So Georgia state law requires protection for perennial river corridors and the major rivers in the WWALS watersheds qualify as perennial rivers. What are the rules? Apparently to be a “Qualified Local Government” a comprehensive plan including River Corridor Protection Plans with protection for a natural vegetative buffer area bordering each protected river is required.
Rules of Georgia Department of Natural Resources,
Environmental Protection Division
Rules for Environmental Planning Criteria
(1)(b) The Comprehensive Georgia Planning Act of 1989 provides for the development of coordinated and comprehensive planning by municipal and county governments. Such comprehensive plans shall consider the natural resources, environments, and vital areas within the jurisdiction of the local government. Maintenance of the status as a “Qualified Local Government” is contingent upon the development of such comprehensive plans (O.C.G.A. 50-8-1 et seq.).
(1)(d) The method mandated in O.C.G.A. 12-2-8 for the protection of river corridors is the established of natural vegetative buffer area bordering each protected river. Local government will develop River Corridor Protection Plans (as part of the comprehensive plans authorized under O.C.G.A. 36-70-3) that will maintain the integrity of this buffer area.
So to be a “Qualified Local Government” a comprehensive plan including River Corridor Protection Plans with protection for a natural vegetative buffer area bordering each protected river is required.
What form should these River Corridor Protection Plans take? Back to Georgia Mountain and River Corridor Protection Act, O.C.G.A. 12-2-8 (2010),
(g)(3) River corridors shall be appropriately identified and mapped in the land use plans developed by local and regional governments.
There’s a lot more detail in that law, plus more detail in the Rules, such as this:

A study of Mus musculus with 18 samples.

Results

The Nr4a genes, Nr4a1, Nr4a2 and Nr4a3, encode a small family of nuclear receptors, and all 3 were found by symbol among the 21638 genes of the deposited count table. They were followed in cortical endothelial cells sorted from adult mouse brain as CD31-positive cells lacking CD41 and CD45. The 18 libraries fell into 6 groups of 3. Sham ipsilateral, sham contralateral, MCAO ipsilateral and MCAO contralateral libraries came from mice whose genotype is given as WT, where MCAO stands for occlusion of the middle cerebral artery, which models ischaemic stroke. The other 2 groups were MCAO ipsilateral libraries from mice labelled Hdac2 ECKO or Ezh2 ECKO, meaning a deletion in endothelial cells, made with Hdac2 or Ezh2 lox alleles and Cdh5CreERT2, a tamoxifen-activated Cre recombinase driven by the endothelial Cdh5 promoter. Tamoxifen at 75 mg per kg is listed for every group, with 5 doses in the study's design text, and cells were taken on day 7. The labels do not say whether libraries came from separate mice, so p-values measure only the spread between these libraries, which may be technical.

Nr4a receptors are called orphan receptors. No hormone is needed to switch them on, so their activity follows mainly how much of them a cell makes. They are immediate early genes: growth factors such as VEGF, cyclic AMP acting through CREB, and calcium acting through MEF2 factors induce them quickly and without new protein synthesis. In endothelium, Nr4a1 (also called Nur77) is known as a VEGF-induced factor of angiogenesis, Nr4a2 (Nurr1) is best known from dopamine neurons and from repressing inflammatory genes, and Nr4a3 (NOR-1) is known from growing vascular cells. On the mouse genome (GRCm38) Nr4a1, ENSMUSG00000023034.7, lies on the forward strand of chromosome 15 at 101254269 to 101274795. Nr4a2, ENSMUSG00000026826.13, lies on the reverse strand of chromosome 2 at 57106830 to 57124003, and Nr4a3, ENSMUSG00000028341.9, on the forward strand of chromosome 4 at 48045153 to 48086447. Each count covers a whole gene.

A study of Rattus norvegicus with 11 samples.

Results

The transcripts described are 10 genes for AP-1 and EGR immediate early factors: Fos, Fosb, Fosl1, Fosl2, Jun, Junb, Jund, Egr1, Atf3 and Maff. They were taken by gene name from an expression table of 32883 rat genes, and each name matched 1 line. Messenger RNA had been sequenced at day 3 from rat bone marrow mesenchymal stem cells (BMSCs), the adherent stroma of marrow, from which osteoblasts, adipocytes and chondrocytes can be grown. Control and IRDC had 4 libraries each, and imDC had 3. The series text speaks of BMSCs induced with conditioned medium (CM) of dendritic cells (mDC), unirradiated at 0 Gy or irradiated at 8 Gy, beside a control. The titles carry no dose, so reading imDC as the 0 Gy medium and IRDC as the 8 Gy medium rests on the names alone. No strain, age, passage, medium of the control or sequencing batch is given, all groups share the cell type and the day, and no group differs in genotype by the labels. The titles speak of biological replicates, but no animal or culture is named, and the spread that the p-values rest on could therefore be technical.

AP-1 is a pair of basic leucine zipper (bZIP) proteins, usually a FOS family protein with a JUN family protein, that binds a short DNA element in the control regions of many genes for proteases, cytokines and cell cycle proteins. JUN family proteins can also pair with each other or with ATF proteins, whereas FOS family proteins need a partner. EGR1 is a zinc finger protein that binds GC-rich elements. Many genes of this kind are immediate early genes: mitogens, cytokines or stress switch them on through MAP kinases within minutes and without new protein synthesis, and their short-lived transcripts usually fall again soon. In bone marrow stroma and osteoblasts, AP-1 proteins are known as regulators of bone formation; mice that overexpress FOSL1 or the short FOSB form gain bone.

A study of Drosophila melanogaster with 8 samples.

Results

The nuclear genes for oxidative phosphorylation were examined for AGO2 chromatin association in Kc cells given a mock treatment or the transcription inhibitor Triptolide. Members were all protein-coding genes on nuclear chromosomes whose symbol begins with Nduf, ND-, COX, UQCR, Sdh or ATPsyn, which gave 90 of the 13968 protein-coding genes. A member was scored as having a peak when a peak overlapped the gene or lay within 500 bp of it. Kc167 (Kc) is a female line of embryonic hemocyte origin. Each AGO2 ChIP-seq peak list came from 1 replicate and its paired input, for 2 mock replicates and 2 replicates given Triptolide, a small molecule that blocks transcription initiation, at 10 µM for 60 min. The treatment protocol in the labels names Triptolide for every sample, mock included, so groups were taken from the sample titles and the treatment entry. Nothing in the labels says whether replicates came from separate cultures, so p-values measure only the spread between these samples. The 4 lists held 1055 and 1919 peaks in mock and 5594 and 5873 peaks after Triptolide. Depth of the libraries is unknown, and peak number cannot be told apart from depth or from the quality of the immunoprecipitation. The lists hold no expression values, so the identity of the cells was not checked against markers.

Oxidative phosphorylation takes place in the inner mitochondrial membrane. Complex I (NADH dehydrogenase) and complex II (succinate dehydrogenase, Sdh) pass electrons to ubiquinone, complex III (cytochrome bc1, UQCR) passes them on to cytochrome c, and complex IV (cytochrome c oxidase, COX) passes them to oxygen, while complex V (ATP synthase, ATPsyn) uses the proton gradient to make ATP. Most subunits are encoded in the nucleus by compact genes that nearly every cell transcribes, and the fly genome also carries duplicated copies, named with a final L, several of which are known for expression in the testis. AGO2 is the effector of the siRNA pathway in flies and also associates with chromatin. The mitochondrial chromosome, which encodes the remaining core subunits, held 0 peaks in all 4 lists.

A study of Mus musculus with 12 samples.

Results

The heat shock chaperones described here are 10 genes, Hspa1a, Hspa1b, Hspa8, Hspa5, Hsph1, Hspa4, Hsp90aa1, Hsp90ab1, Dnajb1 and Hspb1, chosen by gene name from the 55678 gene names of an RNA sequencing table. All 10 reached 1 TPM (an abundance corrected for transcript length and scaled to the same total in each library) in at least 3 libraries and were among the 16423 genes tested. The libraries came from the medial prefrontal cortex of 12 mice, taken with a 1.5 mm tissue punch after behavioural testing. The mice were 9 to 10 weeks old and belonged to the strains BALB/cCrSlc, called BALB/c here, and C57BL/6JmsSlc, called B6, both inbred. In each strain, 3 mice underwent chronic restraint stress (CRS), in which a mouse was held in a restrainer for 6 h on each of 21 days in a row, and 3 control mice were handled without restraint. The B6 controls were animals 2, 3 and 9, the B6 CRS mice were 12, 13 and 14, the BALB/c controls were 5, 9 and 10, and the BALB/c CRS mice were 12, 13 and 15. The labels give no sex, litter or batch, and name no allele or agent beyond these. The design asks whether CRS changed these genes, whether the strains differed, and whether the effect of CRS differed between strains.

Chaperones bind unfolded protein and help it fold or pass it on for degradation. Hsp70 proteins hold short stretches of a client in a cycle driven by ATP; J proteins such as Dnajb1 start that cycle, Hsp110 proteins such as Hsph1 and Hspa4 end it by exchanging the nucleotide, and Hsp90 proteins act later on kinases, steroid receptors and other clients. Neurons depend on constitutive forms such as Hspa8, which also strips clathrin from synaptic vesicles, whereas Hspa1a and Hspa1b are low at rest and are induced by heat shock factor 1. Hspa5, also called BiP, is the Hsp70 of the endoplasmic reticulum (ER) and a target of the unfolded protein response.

- Local Governments Responsibilities
- Local governments shall identify any protected river within their jurisdiction. The Department of Natural Resources will provide maps and technical guidance regarding protected rivers if and as available.
- Local governments, which contain protected rivers within their jurisdiction, shall adopt River Corridor Protection Plans.
- River Corridor Protection Plans
- River corridors shall be appropriately mapped and identified in the River Corridor Protection Plans.
- River Corridor Protection Plans shall address, at a minimum, the following considerations with regard to river corridors:
- The plans shall consider the effect of activities in the river corridor on public health, safety, welfare, and the private property rights.
That’s enough to get the idea. Private property rights do figure in River Corridor Protection Plans, but public health, safety, and welfare are named first. So any local government that wants to remain a “Qualified Local Government” needs to have a comprehensive plan that addresses public health, safety, welfare, and private property rights in its River Corridor Protection Plan.
So what rules has GA EPD made to implement this law? See next post.